Eid Al Adha
Shared by Central Park Community Parents
Muslims all over the world celebrated Eid Ul Adha the “Festival of sacrifice”
On this day of Eid, Muslims celebrate the story of Prophet Abraham.This day also marks the completion of the annual pilgrimage to Mecca(Makkah) where millions have gathered to perform the spiritual journey of Hajj.
It is a day of happiness, a day to forgive and forget any differences. For many families the day starts with a visit to the mosque, where families will participate in a congregational prayer. For the rest of this auspicious day, everyone enjoys gathering with friends and family to share specially prepared food and gifts. Giving alms to the poor is also a very important part of the Eid day. In the lead up to Eid, children often help to prepare sweet treats and gifts for those less fortunate than themselves. It is a time for appreciation, celebration and remembrance.
Muslims celebrate two major holidays: Eid ul-Fitr and Eid ul-Adha. Because the holidays are based on the Islamic lunar calendar, which is shorter than the solar Gregorian calendar, the dates of the holidays move 11 days earlier every year.
Eid ul-Fitr, or the Festival of Breaking the Fast, is celebrated at the end of the Islamic month of Ramadan during which participating Muslims abstain from food and drink during daylight hours. This year, Eid ul-Fitr was on Wednesday, July 6th.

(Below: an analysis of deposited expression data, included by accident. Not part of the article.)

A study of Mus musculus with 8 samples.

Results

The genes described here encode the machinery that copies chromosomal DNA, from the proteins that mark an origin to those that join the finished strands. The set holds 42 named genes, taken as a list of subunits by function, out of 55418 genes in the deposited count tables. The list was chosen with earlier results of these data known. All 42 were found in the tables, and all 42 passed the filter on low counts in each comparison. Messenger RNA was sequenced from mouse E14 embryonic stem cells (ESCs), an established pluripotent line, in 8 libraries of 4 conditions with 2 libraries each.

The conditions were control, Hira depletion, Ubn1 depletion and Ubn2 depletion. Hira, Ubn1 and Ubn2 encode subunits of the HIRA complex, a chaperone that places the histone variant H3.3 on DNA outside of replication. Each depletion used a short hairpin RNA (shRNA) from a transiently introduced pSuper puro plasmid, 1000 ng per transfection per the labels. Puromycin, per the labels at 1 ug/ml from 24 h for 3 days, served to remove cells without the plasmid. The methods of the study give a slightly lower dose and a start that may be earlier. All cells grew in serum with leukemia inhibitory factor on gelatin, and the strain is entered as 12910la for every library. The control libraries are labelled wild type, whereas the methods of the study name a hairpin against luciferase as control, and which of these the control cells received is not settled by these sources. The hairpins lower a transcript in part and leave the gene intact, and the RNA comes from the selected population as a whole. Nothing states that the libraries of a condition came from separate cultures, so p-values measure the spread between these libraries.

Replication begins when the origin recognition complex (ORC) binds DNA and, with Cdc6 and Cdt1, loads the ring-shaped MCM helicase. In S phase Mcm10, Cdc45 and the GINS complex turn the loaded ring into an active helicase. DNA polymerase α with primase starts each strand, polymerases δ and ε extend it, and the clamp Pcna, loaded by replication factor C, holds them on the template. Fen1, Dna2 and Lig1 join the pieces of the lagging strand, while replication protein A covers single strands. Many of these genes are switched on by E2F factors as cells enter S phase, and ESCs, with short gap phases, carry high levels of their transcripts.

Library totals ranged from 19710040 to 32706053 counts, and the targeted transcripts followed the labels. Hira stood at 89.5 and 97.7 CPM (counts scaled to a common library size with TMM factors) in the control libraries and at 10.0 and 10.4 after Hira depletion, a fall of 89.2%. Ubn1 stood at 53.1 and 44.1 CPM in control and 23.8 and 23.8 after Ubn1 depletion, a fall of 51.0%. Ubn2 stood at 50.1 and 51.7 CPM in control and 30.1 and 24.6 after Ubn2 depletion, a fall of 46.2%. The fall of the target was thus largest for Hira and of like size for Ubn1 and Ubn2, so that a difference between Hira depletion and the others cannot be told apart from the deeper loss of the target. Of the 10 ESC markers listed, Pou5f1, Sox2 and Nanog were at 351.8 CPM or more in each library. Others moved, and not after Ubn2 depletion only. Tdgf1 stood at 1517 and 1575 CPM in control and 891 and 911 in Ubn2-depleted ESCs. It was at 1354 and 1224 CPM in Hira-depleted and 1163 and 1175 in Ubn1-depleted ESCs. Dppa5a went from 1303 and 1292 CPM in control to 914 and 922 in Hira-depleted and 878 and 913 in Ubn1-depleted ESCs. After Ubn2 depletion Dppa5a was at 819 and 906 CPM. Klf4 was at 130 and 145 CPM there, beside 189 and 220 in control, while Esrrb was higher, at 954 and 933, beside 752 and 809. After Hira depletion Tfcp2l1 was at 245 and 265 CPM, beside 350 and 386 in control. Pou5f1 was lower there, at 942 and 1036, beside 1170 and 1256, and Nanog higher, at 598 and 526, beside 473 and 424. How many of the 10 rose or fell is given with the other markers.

Eid ul-Adha, or the Festival of the Sacrifice, was celebrated on Monday and Tuesday earlier this week Eid ul-Adha celebrates the end of the Hajj (pilgrimage) period, during which up to three million Muslims from around the world travel to Mecca, Saudi Arabia in a sign of unity and commemoration of the story of the Prophet Abraham. Muslims believe that theKaaba (cubical structure and house of worship) was built by Abraham and his son, Ishmael. During the hajj, pilgrims participate in rites mimicking the story of Abraham, including the sacrifice he was asked to make.
The hajj is also a profound show of unity amongst people from around the world. Pilgrims wear simple white garments, erasing all physical signs of who is rich or poor, powerful or weak. On the Hajj, all are equal.
On Eid, Muslims around the world celebrate by praying in local mosques together, visiting each other in their homes, and donating food and money to the less fortunate. Children receive gifts and new clothes. And, of course, there is always lots of yummy food!